Why I am running for President of the European Association of Schools of Social Work (EASSW)

June 7, 2015

 

 

Social Work Education in Europe is at the crossroads. The gradual erosion of the welfare state and the perpetuation of policies of austerity, have put social work education under unprecedented pressure. The landscape within which social work educators, researchers and students operate has changed dramatically over the last ten years. In most European countries social work education and research has been severely affected by chronic underfunding. 

 

Nevertheless, we, at the EASSW, have also witnessed the inspiring work European social work educators have been doing under difficult circumstances. Their commitment to social justice and determination to ensure excellent quality of education and research has provided us with an infallible compass for action.  Over the last 11 years, my involvement in several European social work roles, offered me an opportunity to witness first hand the challenges that educators in Europe face and also cherish their inspirational work.  

 

I qualified as a social worker in Greece and worked as an academic in Cyprus, the Netherlands and the United Kingdom. As a founder member of the Social Work Action Network (SWAN) I have been part of a diverse group of social work educations, practitioners, students and services users united in their belief that social work is a profession worth fighting for; a profession that needs to be at the forefront of campaigns, education and practice committed to social justice. Currently, I work as a Senior Lecturer at Durham University in the UK where I lead on the Masters in International Social Work and Community Development. 

 

Since my election as a member and eventually Secretary of the EC of the EASSW I have been working closely with colleagues across the continent in order to defend and promote our shared social work values. Genuine Internationalism –instead of business oriented internationalization- has been at the heart of this political and pedagogical work. I am proud of what the EASSW has achieved over the last 4 years but I am also fully aware that there is still a lot that needs to be done. 

 

In particular, it is my contention that our Association needs to work even more methodically, collectively and inclusively in order to

 

  • Become a strong voice for social work educators in Europe. Our collective view, experiences and knowledge need to be heard loudly and clearly at a time when the values of universal welfare and public education seem to be fading away.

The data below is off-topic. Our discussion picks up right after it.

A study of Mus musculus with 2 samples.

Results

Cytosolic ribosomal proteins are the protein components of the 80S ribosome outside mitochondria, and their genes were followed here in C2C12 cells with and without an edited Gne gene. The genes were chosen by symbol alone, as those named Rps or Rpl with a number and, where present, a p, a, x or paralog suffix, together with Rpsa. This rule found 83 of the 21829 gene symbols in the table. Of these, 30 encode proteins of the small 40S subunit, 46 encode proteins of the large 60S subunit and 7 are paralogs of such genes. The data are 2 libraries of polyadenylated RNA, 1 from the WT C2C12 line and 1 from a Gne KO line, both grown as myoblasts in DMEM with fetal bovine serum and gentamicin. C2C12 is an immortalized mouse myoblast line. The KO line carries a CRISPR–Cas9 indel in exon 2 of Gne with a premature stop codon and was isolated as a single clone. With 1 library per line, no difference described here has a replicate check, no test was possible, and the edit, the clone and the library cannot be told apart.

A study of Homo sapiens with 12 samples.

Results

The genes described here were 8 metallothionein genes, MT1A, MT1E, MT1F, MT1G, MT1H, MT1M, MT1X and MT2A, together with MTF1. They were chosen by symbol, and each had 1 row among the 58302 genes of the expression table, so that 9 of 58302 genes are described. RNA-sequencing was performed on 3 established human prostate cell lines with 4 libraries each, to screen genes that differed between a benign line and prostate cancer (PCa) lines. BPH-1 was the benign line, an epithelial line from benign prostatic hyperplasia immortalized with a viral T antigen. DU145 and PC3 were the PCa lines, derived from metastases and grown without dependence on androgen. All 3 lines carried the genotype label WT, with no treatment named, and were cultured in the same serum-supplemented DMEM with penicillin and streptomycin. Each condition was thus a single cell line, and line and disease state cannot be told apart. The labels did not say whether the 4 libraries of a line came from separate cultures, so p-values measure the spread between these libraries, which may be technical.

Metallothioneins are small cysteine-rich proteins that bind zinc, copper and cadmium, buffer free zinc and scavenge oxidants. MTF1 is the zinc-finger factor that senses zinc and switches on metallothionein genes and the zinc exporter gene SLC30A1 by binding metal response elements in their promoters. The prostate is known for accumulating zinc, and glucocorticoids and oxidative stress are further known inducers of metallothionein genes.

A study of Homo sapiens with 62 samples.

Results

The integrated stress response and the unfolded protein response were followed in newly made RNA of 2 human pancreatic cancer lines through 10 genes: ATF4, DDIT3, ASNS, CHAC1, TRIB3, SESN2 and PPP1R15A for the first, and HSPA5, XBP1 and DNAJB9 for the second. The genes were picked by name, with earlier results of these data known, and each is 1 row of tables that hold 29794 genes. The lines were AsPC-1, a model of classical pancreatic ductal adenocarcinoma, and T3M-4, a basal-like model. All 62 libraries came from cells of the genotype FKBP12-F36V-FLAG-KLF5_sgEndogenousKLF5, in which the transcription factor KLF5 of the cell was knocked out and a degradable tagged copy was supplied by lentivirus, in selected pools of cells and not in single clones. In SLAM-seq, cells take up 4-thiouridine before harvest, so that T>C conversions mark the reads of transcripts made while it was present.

• Create alliances and partnerships with social work practitioners and those in the receiving end of social work services. Listen to and join in the campaigns of our students and early career colleagues who work under precarious working conditions. Unconditionally defend public education!

  • Promote social work research and bridge the artificial gap between research and education. More emphasis and resources need to be given to social work research that is of relevance to European societies. We need to ensure that EASSW increases its support and funding towards innovative ideas through its ‘small projects’ scheme.

  • Provide a platform for social work schools in order to exchange pedagogical ideas, experiences and promote excellent quality education. EASSW should play an active role in bringing together social work educators locally, regionally and across Europe. Apart from our central social work conference, more regional meetings and events need to be organised and supported by our organisation. 

  • Engage with our EASSW membership more proactively and ensure that their views and voices are not only heard in the General Meetings every two years, but they become a vibrant part of the life of our association. 

  • Negotiate with the IASSW a single membership package as currently many member schools cannot afford paying double membership fees to both sister organisations. The relationship between IASSW and EASSW needs to be rationalised and renegotiated.

  

It is with this in mind, and a great sense of responsibility and enthusiasm, that I have decided to be a candidate for President of the European Association of Schools of Social Work.